Coach Pete Gillen, Providence
In 1997, en route to the Elite Eight, No. 10 seed Providence upset No. 2 seed Duke 98-87 in the second round. Now an analyst for CBS Sports Network, Gillen presided over a talented squad that featured Derrick Brown (33 points) and future pros Austin Croshere (21 points) and God Shammgod (12 points).
We had to attack. We had to be aggressive, because they were very aggressive. Steve Wojciechowski, their point guard, who’s an assistant [coach] with Duke now, first play of the game, he bumped into [Shammgod], kind of chest bumped him a little bit. [Shammgod] looked at him. He didn’t back down. He’s a tough kid from New York City. Wojciechowski was a tremendous college player, but Shammgod responded well. We just had to be aggressive.
We had a very talented team. We had God Shammgod, and when you’re coaching God, it’s tough to lose. God Shammgod was our point guard, and Austin Croshere, who was a lottery pick, was our great forward, 6-foot-9, a skilled four-man. We had athletic wings, a guy, 6-foot-5, Jamel Thomas, he was very, very good. Derrick Brown was the other wing. Derrick Brown was just the Terminator. He didn’t care. He was going to get his points, his rebounds, no matter what. He was just tough as nails. He was just too quick for Trajan Langdon or whoever they had on him.
We wanted to attack them. We were a little more athletic than them. They were a great team, eighth in the country coming in, so I remember that. Honestly, we were just a little more talented team that year. We certainly respected Duke, they had a great team, but we felt that we could beat them if we bring our “A” game.
[The fans] were pro-Duke to start, because they had a big Duke contingent. We had, you know, a couple guys on a business trip who came down from Providence. I’m just kidding. We had a few fans there. Providence has a great tradition. They love their basketball at Providence. Once we showed that we could compete, a lot of the fans who were Duke alums or whatever, they jumped on our side, because we were a big underdog in that game. They were kind of stunned that Providence, that finished sixth in the Big East that year, could play with a great Duke team. We were blessed with a lot of talent. It wasn’t coaching. We had good players. They weren’t afraid.
Scottie Reynolds, Villanova
In 2009, No. 3 seed Villanova destroyed No. 2 seed Duke 77-54 in the Sweet 16. Junior guard Scottie Reynolds scored a game-high 16 points and helped stymie the Blue Devils, who shot a paltry 26.7 percent from the field.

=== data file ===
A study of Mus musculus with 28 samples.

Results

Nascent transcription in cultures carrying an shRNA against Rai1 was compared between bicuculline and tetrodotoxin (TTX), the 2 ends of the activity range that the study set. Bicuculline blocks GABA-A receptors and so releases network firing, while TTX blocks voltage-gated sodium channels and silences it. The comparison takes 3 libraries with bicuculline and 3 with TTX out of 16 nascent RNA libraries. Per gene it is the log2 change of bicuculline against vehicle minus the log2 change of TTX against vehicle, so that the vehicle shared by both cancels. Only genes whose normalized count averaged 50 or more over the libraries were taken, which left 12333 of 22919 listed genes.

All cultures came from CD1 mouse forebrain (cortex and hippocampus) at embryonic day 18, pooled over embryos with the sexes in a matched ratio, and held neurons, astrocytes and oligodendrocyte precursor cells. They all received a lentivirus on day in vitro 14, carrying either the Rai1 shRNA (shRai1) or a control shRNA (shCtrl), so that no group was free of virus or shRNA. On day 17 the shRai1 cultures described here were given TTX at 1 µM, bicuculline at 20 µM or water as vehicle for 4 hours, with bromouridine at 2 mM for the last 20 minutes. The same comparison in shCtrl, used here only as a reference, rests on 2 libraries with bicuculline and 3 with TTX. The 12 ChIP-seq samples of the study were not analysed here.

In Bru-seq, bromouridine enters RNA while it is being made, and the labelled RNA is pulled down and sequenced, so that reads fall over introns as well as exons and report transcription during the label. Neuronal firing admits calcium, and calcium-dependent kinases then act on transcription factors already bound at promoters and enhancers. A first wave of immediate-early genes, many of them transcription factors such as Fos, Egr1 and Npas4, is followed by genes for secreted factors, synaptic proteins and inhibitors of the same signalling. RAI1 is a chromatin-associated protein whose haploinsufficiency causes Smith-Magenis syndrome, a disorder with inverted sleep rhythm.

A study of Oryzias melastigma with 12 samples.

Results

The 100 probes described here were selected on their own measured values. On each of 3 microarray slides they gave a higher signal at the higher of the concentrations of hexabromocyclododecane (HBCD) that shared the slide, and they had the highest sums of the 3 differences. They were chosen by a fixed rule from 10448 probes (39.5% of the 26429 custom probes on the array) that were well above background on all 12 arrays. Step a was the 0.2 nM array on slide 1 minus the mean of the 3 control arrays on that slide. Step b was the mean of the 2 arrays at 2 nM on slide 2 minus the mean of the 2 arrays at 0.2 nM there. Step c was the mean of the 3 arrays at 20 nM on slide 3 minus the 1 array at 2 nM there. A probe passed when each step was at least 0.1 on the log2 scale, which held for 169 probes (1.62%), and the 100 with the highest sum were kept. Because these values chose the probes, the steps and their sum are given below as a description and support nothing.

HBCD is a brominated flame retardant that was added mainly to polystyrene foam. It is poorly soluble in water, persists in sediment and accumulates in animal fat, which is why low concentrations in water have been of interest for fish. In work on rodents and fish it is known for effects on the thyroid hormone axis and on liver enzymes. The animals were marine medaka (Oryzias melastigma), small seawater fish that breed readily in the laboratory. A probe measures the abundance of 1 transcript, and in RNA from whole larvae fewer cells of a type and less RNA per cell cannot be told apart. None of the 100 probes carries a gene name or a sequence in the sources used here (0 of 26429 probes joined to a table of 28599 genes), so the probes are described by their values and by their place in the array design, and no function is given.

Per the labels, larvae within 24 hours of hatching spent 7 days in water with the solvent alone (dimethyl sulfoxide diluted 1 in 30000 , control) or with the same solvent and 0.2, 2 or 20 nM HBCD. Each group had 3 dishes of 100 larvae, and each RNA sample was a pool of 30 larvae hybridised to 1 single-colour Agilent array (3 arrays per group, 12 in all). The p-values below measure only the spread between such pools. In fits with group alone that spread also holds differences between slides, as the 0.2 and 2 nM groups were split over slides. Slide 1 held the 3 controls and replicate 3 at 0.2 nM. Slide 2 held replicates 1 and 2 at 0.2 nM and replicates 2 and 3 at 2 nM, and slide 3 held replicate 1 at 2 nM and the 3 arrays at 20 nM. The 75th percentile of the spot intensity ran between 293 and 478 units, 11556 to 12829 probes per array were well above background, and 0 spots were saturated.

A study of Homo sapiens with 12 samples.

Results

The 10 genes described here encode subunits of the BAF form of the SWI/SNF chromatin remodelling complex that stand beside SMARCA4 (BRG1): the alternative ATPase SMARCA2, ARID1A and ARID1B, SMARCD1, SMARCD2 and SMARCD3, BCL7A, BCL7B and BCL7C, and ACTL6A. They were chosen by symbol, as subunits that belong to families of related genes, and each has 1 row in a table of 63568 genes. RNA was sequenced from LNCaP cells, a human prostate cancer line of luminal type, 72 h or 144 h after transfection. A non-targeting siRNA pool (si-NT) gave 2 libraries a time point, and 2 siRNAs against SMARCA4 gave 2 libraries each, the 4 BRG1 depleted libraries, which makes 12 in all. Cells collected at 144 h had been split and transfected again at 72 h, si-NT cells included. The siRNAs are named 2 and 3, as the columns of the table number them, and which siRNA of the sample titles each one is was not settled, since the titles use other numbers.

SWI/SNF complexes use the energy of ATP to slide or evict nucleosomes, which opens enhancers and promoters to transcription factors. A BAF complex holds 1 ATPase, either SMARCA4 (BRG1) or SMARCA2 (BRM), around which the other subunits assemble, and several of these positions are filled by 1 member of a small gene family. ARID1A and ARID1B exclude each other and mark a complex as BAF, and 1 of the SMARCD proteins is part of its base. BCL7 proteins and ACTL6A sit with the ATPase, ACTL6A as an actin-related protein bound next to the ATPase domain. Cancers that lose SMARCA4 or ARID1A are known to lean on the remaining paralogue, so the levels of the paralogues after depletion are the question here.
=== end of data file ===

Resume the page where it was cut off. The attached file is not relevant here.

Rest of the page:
For us, it wasn’t really a blowout. You know, we had great respect for Duke. Not just for that year, but as a program. We had to continue to play hard the whole 40 minutes because we’d seen on film—and through the years—that if you let up for two minutes, they can come right back into the game.
You don’t fear anybody, but you respect everybody. And I think with Duke, you respect them a ton. I knew Gerald Henderson, Nolan Smith, and Kyle Singler. I knew what type of players they were. But when we went in there and played them, it was kind of like, we had so much respect for them, it wasn’t like a fear thing, but it was like, If we don’t come in and play a good, solid basketball game we could get embarrassed. We just had total focus.
I knew Nolan, I knew Gerald, I knew Kyle, so you hear those three names, you just try to make it hard on them. But you think they’re going to get a certain number [of points]. The way we just came out and played defense—we held Gerald to something low [seven points on 1 for 14 from the field]. We felt really good at halftime, and in the second half we knew they were going to make a run. When Greg Paulus came in, he kind of turned the game a little bit, because he put a lot of pressure on us offensively and defensively. We had to regroup and buckle down again.
I think defensively—and if you hear the remarks from Coach K at his press conference—I think that was one of the best defensive games we played, considering the talent that they had. I know we hadn’t had a defensive game like that against three NBA-talented players.
I remember one play where [Duke guard] Elliot Williams came down, and he dunked it with his left hand, and-one—and I think he was a freshman at that time—and I was like, Oh. How many more of these guys do they have on their bench? I can see why they have a lot of firepower, and I don’t know if a lot of teams have that. When they substitute their starting five out, you know, their second five would probably start for anybody else in the country.
The only way we could compete with them was to respect them. That Duke game was special in the sense that we accomplished it together. It wasn’t anybody individually. It’s hard to explain, but when you play against Duke, you never want to be that team where they’re smacking the floor and you get run out of the gym. I guess we didn’t want that to happen.